To schedule an appointment for a PET scan, please call:
A PET scan, or positron emission tomography scan, is a test that lets our doctors see many of your organs to help diagnose a variety of diseases such as cancer. These scans require the injection of a small amount of a radioactive glucose into your bloodstream which your doctor can follow through your body using conventional CT scanning.
There is no danger from this injection. The radiation exposure associated with PET is similar to that of conventional CT scanning. Once you have received your injection, you will rest for about an hour to allow the glucose to be distributed through your body and then receive a CT scan.
The entire visit can last up to two to three hours.
For Your Safety
Tell your doctor or the technologist performing the exam if:
- You have allergies of any kind, such as allergy to iodine or X-ray contrast material, drugs, food, the environment, or asthma
- There is any possibility that you are pregnant and or if you’re breast feeding
- You have serious health problems or have recently had surgery
- You have about any metallic implants
- You are taking any medications, including herbal supplements
Preparing for a PET Scan
- Remove all metal, including jewelry, hair ornaments, watches, studs and coins.
- Do not eat or drink anything after midnight the night before your appointment.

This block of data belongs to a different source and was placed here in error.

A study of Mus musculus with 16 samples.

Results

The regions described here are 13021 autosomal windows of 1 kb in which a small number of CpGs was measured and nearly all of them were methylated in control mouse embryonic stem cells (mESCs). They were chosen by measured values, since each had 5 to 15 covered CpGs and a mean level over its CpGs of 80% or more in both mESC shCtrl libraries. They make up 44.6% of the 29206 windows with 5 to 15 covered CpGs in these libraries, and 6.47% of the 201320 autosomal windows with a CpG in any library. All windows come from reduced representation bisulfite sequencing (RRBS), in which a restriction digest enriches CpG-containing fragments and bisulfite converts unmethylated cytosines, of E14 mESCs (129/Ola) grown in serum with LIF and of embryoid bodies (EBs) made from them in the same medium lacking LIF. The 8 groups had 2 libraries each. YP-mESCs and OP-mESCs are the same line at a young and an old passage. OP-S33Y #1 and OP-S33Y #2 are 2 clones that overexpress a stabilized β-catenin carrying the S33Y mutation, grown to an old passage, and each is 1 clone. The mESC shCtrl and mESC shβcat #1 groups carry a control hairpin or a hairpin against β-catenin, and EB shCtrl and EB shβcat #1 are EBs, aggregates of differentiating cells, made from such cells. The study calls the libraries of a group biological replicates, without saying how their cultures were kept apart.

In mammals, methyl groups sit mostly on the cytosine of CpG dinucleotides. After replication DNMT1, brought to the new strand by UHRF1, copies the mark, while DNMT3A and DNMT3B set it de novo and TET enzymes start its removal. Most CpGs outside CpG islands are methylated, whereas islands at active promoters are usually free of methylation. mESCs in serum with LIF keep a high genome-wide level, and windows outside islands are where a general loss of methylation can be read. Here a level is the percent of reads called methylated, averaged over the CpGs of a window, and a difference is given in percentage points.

- Remove all makeup prior to the exam.
- Avoid drinking coffee or large volumes of fluid prior to your scan.
- Let your physician know if you feel uncomfortable or claustrophobic in a small space.
- You may be asked to wear a gown during the exam or you may be allowed to wear your own clothing.
- You may continue to take regular medications.
- Diabetic patients will receive special instructions to prepare for this exam.
What to Expect During a PET Scan
You will be positioned upright on an exam table. If necessary, a nurse or technologist will insert an intravenous (IV) line into a vein in your hand or arm. Depending on the type of nuclear medicine exam you are undergoing, the dose of radiotracer is then injected intravenously, swallowed or inhaled as a gas.
It will take approximately 60 minutes for the radiotracer to travel through your body and to be absorbed by the organ or tissue being studied. You will be asked to rest quietly, avoiding movement and talking.
You may be asked to drink some contrast material that will localize in the intestines and help the radiologist interpreting the study.
You will then be moved into the PET/CT scanner and the imaging will begin. You will need to remain still during imaging. The CT exam will be done first, followed by the PET scan.
The PET scan takes 20-30 minutes and the total scanning time is approximately 30 minutes.
When the examination is completed, you may be asked to wait until the technologist makes sure that they have all necessary images. After they have all of the images, your IV will be removed.
A radiologist will review your exam images and report the findings to your doctor. Your doctor will then discuss the findings and next steps with you.